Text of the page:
Chancellor of the Exchequer Rishi Sunak/The Treasury
UK banks have made just 6,000 SME coronavirus loans
The amount is up 150 per cent from 6 April 2020 to £1.1bn, but still far below what is needed according to many.
UK financial institutions have lent over £1.1bn to SMEs through the Coronavirus Business Interruption Loan Scheme (CBILS), UK Finance revealed today.
Only just over 6,000 loans have been provided so far through CBILS, almost double the amount from one week ago, and the average amount lent to businesses is roughly £190,000.
In the past week, the total lent to SMEs lept by 150 per cent to £700m, on 6 April 2020 the figure was £453m.
The daily number of loan approvals is continuing to rise, from 240 on 2 April to 910 on 8 April and a further 1,800 loans worth over £300 million were approved over the bank holiday weekend.
Stephen Jones, CEO of UK Finance, said: “The banking and finance sector recognises the challenging conditions faced by many businesses and the critical role we must play in helping the country get through this crisis.”
“Frontline staff in local branches and call centres are working incredibly hard to help firms access finance as quickly as possible amid unprecedented demand. Like all businesses, they are working at reduced capacity as many staff are self-isolating or looking after family,” he added.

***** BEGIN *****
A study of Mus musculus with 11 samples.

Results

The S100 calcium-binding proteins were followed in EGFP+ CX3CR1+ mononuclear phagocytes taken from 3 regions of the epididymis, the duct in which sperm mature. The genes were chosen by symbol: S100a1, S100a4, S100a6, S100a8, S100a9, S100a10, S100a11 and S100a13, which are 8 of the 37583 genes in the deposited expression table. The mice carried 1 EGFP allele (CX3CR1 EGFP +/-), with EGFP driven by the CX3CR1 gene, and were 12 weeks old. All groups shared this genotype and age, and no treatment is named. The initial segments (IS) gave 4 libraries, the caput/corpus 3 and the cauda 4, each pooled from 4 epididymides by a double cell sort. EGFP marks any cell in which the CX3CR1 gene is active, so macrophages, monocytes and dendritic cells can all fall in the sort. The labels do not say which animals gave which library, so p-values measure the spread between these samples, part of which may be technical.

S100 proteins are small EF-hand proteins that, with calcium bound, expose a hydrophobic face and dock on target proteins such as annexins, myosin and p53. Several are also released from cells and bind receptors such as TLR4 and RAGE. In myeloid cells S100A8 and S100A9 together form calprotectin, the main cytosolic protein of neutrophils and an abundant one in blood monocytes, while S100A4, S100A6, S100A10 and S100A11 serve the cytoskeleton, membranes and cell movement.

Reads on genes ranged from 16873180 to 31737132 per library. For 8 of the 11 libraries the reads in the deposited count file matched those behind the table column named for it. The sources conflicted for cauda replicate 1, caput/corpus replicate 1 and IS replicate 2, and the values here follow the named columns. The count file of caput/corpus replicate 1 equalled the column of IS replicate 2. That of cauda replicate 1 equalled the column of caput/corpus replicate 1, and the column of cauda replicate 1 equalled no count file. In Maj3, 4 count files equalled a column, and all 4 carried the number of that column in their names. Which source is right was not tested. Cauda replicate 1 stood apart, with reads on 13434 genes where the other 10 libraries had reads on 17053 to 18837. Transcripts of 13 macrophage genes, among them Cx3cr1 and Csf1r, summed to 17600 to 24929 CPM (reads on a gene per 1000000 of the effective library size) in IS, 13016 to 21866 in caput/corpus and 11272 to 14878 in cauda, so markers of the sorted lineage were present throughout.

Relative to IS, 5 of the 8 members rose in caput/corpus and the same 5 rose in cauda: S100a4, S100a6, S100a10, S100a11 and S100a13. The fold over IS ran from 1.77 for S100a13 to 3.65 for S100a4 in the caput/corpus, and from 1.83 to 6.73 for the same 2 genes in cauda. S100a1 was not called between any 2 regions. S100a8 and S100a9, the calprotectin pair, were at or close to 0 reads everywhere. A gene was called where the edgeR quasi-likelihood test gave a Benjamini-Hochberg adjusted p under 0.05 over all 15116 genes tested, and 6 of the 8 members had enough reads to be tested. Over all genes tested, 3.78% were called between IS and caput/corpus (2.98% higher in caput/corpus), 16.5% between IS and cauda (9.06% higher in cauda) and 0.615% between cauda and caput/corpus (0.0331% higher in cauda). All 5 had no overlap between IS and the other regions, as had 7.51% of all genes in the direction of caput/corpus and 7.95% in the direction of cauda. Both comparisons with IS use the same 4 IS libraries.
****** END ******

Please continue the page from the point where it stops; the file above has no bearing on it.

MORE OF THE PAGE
Chancellor of the Exchequer, Rishi Sunak, said: “Getting finance to businesses is a key part of our plan to support jobs and the economy during this crisis - and we’re working with lenders to ensure support reaches those in need as soon as physically possible.”
Sunak added that he hoped the scheme would continue on its current “upward trajectory”.
Today, 250 accountancy firms wrote an open letter asking the Chancellor to expand Government financial support even further to include more SMEs, in particular sole traders, who are currently excluded.
There were also earlier calls from SMEs for the Chancellor to overhaul the scheme and just over a week after the initial scheme was announced, he extended CBILS to include larger SMEs who were too big to claim under the initial programme.
Many claimed the scheme was too difficult to navigate and that lenders were placing too many restrictions, meaning that few SMEs were being approved for loans and those that were thought the money wouldn’t reach them in time.
Over the bank holiday weekend, the British Business Bank also approved new lenders for accreditation under CBILS, including Starling Bank and OakNorth, following calls to involve digital banks and non-traditional lenders in the scheme.
As of yesterday, there have been nearly 28,500 formal applications to the CBILS.